Maryland is an expensive state to live in. The Old Line State has a pricey home market, as well as above average rent prices. The statewide cost of utilities and groceries aren’t any better either. Despite this, though, Maryland is charming and has some of the best seafood in the country. Don’t be afraid to reach out to a financial advisor if you want some help managing Maryland’s high cost of living.
Housing Costs in Maryland
According to NeighborhoodScout, more than 65% of Maryland’s residents are homeowners. As a result, the homes in the state have a median home value of $325,767, which is fairly above average. Depending on the city, the median home value can differ, though. In Baltimore, for example, the median home value is $169,550. On the other hand, in Rockville the median skyrockets to $614,535.
One of the distinctly troubling characteristics of the housing market in Maryland is its weak appreciation rates. NeighborhoodScout data from 2013 to 2018 shows a 3.16% annual appreciation rate statewide. Compare this to California and New York which have 7.55% and 8.89% annual appreciation rates, respectively.
Still saving up for a down payment? You should know that rent in Maryland is on the high side. In fact, from studios to three-bedroom apartments, Maryland rents are higher than the average rent in the U.S.
According to a 2019 report from Apartment List, the median rent for a studio in Maryland is $1,119, or $288 above average. One bedroom apartments in Maryland are $305 above the national median at $1,256. If you need two bedrooms, you can expect to pay around $1,513 in Maryland. That’s $333 higher than the U.S. median.
Unless your utility costs are included in your rent or your condo association fees, you’ll have to cover your utility bills yourself each month. According to 2017 data from the U.S. Energy Information Administration (EIA), the average monthly utility bill in Maryland is $131.16. That’s just about $20 above the national average of $111.67, which is good for the fifth highest monthly rate in the U.S.
A 31-day monthly pass for Baltimore’s public transit will cost you $72. That includes the plastic CharmCard used on Baltimore, also known as “Charm City,” public transportation. If you want express bus service, too, you can buy an $85 CharmCard.
If you prefer driving, the average cost of a gallon of gas in Maryland is $2.81, according to May 2019 data from GasBuddy. That’s slightly less than the national average of $2.92.
Car insurance is another major cost of owning your own car. Insure.com’s 2019 report on insurance rates around the country shows Maryland’s average rates are fairly expensive. In fact, residents pay an average annual premium of $1,546, which is $89 above the $1,457 national average.
Maryland has a progressive income tax system, at both the state and county levels. State income tax rates range from 2.00% to 5.75%. County rates, on the other hand, range from 1.75% to 3.20%. Maryland also has a 6% sales tax.
The average effective property tax rate in Maryland is 1.10%, which is below the national average. Property tax rates range from 0.64% in Talbot County to 1.65% in the city of Baltimore.
In-state tuition alone at the University of Maryland comes to $8,651. When you include transportation, books, meals and lodging, the university estimates the total in-state cost for a resident of the school to be $23,183. That’s a good deal relative to the university’s estimate for out-of-state students: $46,220.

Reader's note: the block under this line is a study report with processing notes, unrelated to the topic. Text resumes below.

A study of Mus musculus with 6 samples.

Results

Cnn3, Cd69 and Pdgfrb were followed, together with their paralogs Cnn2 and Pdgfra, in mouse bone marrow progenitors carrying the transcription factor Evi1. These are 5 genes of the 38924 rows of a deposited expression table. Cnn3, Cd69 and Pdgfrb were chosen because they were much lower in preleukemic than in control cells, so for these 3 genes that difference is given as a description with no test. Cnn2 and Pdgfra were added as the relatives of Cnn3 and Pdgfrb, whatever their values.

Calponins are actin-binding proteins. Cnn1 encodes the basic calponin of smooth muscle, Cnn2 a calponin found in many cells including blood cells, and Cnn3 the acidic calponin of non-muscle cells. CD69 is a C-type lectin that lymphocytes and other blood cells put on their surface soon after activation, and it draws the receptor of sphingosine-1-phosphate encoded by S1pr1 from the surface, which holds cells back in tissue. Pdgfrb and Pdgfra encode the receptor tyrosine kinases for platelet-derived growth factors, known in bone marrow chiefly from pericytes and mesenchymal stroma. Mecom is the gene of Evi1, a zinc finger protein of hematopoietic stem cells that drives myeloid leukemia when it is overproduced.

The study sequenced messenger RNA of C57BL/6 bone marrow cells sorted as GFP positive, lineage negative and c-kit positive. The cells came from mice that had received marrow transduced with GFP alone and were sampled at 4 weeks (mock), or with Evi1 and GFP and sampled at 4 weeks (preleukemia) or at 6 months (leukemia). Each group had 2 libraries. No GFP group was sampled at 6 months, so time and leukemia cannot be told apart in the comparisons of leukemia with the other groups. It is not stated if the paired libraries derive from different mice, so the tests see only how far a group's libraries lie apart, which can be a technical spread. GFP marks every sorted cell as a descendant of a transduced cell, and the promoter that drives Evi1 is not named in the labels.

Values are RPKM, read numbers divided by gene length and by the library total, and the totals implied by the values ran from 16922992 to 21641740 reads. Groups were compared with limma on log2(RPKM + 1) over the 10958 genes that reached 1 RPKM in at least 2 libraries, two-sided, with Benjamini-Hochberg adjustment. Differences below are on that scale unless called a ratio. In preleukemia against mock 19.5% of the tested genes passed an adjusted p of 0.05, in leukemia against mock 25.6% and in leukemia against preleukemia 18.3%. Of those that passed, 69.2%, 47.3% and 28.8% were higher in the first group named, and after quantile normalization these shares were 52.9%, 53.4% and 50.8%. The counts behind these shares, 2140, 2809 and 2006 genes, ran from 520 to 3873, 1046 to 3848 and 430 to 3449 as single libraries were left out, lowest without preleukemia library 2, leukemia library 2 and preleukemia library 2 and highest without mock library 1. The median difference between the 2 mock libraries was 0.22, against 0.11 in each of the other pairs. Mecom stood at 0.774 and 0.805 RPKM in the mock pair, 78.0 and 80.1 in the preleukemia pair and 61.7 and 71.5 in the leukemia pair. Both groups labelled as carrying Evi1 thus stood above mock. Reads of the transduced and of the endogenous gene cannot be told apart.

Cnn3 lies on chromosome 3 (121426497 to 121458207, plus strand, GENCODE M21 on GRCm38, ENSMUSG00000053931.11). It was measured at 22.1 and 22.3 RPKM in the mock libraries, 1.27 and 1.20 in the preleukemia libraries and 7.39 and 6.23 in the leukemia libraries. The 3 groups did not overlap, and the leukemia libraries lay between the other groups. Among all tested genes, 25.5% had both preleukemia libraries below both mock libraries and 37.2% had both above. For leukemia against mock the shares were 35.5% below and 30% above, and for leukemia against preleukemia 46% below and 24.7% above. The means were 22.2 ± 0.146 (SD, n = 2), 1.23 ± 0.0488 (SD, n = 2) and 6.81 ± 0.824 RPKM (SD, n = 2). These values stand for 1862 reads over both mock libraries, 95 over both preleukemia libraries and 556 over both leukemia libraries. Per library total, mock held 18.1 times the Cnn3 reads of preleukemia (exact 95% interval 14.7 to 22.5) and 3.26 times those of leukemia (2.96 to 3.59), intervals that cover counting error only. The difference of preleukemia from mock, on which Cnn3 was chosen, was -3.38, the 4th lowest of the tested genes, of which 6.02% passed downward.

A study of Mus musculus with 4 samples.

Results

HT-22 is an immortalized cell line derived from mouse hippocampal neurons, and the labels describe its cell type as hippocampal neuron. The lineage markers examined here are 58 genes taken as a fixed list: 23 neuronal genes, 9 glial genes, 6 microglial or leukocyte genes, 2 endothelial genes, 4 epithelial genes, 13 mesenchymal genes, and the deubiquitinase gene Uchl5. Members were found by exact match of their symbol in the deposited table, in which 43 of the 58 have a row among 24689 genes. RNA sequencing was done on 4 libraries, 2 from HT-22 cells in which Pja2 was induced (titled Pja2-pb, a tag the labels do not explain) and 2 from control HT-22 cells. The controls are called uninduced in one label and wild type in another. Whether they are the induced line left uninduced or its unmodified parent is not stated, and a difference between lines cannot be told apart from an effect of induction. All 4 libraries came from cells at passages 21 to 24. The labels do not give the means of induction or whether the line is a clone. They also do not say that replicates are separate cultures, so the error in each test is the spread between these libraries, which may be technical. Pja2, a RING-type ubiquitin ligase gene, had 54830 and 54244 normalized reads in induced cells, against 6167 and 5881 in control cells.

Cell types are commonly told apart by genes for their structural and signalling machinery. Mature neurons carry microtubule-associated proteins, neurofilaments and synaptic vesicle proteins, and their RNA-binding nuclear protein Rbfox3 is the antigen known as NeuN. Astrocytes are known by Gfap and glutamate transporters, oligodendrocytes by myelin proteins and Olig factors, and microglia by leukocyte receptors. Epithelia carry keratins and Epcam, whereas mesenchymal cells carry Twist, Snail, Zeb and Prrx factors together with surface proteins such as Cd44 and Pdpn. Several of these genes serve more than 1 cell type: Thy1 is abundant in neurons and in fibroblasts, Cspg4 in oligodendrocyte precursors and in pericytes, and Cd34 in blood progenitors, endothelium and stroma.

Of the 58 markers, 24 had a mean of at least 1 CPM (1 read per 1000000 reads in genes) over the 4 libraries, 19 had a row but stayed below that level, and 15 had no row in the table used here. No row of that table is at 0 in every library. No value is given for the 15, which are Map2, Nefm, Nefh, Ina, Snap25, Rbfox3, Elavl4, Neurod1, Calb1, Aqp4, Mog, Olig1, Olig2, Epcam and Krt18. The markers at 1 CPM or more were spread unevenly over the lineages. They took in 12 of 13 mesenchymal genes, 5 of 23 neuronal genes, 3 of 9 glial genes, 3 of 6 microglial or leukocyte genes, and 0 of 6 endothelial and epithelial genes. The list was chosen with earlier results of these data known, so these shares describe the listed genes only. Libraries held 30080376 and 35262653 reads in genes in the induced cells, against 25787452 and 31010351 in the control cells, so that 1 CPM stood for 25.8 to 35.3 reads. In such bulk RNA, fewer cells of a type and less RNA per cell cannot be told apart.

The cost of healthcare in Maryland varies from place to place. At a state level, though, Marylanders contribute more for single coverage healthcare at private companies than most of the U.S. In fact, a 2017 report from the Agency for Healthcare Research and Quality found that Maryland residents’ average contribution for the aforementioned healthcare is $1,711 per year, which is significantly above the $1,415 average for the country overall.
According to the Health Care Cost Institute, prices for healthcare in the Baltimore metro area are 26% below the national median. In this 2016 study of 112 metro areas, Baltimore ranks the lowest.
Miscellaneous Cost of Living Facts
There’s plenty to do in Maryland. If you’re a history buff you can check out Antietam National Battlefield for just $7 per person or $15 per vehicle. A vehicle pass for Blackwater Wildlife Refuge is just $3, but if you come via foot or bike, it’ll cost you a mere $1. For an indoor activity, you can check out the National Aquarium in Baltimore. Basic admission for adults is $39.95, while children 3 to 11 years old get in for $24.95.
Financial Planning Tips
- Keeping close tabs on your finances can be difficult with so many other things in life pulling your attention away from money. But if you’re determined to create and stick to a long-term financial plan, you may want to consult with a financial advisor. To find fiduciary advisors in your area, try utilizing SmartAsset’s financial advisor matching tool. All you need to do to receive your matches is spend a few minutes answering our personal financial questionnaire as accurately as you possibly can. Feel free to also check out our list of the top financial advisor firms in Maryland.
- Ensuring your money resides with a bank that boasts low fees and high interest rates can really help your long-term financial prospects. If you live in Maryland or are looking to move there, here are a few local banks to take a look at: Revere Bank, Old Line Bank, CFG Community Bank, The Farmers Bank of Willards and Frederick County Bank.